The videos shot on their cell phones show how little time the fans had to react to last Sunday's scary crash at IndyCar's Grand Prix of Houston and just how lucky everyone was sitting in those bleachers outside Turn 5. Lucky that catch fence did its primary job.
When Dario Franchitti's car struck Takuma Sato's at 140mph, it launched and slammed into the fence, did a violent pirouette for a few hundred feet while showering those spectators with debris before being spat back onto the track – thankfully right-side up.
A large piece of the fence wound up on top of some spectators in the top row but, miraculously, an errant tire with suspension attached from Franchitti's Dallara that was punted by E.J. Viso as he drove into the carnage bounced off the crossover bridge and landed over the fence in an open area with no people.
It's terrible that a dozen fans were injured, sustaining cuts and bruises, and the three-time Indy 500 winner suffered broken vertebra, a fractured ankle and concussion.
Yet it could have been so much worse. If Franchitti's car goes through that fence, we're talking about a Le Mans 1955-type death count (88 people perished when a car catapulted into the crowd with a broken fuel tank and ignited) and repercussions we don't want to think about.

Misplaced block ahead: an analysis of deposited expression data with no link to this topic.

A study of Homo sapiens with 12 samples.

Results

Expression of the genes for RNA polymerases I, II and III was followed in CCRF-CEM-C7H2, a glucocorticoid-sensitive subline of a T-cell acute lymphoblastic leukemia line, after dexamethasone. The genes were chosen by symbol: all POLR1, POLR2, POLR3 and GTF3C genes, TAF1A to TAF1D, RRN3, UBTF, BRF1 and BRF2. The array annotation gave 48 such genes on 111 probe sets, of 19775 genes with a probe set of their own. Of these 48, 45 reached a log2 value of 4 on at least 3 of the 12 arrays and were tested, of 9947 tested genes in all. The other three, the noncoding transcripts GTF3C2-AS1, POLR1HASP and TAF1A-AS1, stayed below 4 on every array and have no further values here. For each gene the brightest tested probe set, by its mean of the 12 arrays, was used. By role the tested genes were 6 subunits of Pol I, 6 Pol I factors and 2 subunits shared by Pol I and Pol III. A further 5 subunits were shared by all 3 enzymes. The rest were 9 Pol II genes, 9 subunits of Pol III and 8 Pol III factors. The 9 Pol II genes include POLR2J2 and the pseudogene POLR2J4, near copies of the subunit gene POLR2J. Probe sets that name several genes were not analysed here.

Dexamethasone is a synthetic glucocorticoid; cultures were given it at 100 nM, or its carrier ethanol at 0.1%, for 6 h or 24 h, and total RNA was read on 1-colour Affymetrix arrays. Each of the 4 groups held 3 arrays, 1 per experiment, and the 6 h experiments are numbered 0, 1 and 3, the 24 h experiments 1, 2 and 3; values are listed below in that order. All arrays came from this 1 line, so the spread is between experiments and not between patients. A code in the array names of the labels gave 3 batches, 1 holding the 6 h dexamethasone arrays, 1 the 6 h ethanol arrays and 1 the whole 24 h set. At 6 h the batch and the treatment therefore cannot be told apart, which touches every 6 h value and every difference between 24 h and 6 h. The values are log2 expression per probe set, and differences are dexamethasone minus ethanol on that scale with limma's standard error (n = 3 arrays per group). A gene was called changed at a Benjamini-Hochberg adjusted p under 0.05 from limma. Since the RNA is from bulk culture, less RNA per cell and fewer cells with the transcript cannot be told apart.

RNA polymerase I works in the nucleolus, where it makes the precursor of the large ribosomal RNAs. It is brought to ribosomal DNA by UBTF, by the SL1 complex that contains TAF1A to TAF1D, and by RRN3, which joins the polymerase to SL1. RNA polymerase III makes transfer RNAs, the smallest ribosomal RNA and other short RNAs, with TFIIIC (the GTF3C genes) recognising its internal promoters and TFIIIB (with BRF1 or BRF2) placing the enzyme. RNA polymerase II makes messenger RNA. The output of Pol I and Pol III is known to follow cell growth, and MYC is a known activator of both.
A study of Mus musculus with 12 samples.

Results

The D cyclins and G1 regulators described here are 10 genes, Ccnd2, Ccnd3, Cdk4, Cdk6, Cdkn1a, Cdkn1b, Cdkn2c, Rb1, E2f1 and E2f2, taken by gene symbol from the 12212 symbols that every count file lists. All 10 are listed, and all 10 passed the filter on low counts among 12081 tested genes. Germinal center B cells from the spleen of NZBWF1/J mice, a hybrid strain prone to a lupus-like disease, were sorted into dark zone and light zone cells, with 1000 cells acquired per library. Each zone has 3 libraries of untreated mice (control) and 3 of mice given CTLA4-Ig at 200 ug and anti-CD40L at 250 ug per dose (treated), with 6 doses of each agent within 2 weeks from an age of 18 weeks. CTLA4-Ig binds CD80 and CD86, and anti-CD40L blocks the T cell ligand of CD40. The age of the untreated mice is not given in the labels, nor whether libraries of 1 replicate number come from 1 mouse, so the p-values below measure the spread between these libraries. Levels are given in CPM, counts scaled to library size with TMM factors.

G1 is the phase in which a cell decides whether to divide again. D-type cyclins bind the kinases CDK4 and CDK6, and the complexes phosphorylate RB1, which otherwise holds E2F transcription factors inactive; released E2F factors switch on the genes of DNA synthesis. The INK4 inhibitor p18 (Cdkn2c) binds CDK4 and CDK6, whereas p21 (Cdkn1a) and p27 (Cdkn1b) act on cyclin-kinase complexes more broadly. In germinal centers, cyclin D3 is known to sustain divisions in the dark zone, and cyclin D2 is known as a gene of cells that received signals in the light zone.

But the fence that bordered the fast, blind, right-handed turn around the Reliant Park circuit allowed the 1,800-pound missile to dissipate its energy as it came apart before bouncing it back down to the track.
“To be able to retain a vehicle at that speed is bloody hard, I don't care what kind of a fence you have,” said Tony Cotman, the former Indy car team manager and Champ Car chief steward who now makes his living designing and building racetracks while also assisting with the new Indy Lights program.
“The chassis did a fantastic job of protecting Dario. Did the fence do a good job? Without question. But while the car stayed within the confines of the racetrack, it's not perfect.”
Despite holding up under impact, Houston's flying section of fence is cause for concern and IndyCar has launched a full investigation of the accident and its aftermath.
IndyCar's tracks have two kinds of fences – the mesh and cable like the Indianapolis Motor Speedway and the panel-type like at Toronto and Houston. Both are FIA approved.
Obviously, neither is perfect because, short of some kind of plexiglas wall, it's impossible to prevent shards of carbon fiber and pieces off the car from spraying the paying customers like it did those outside Turn 5.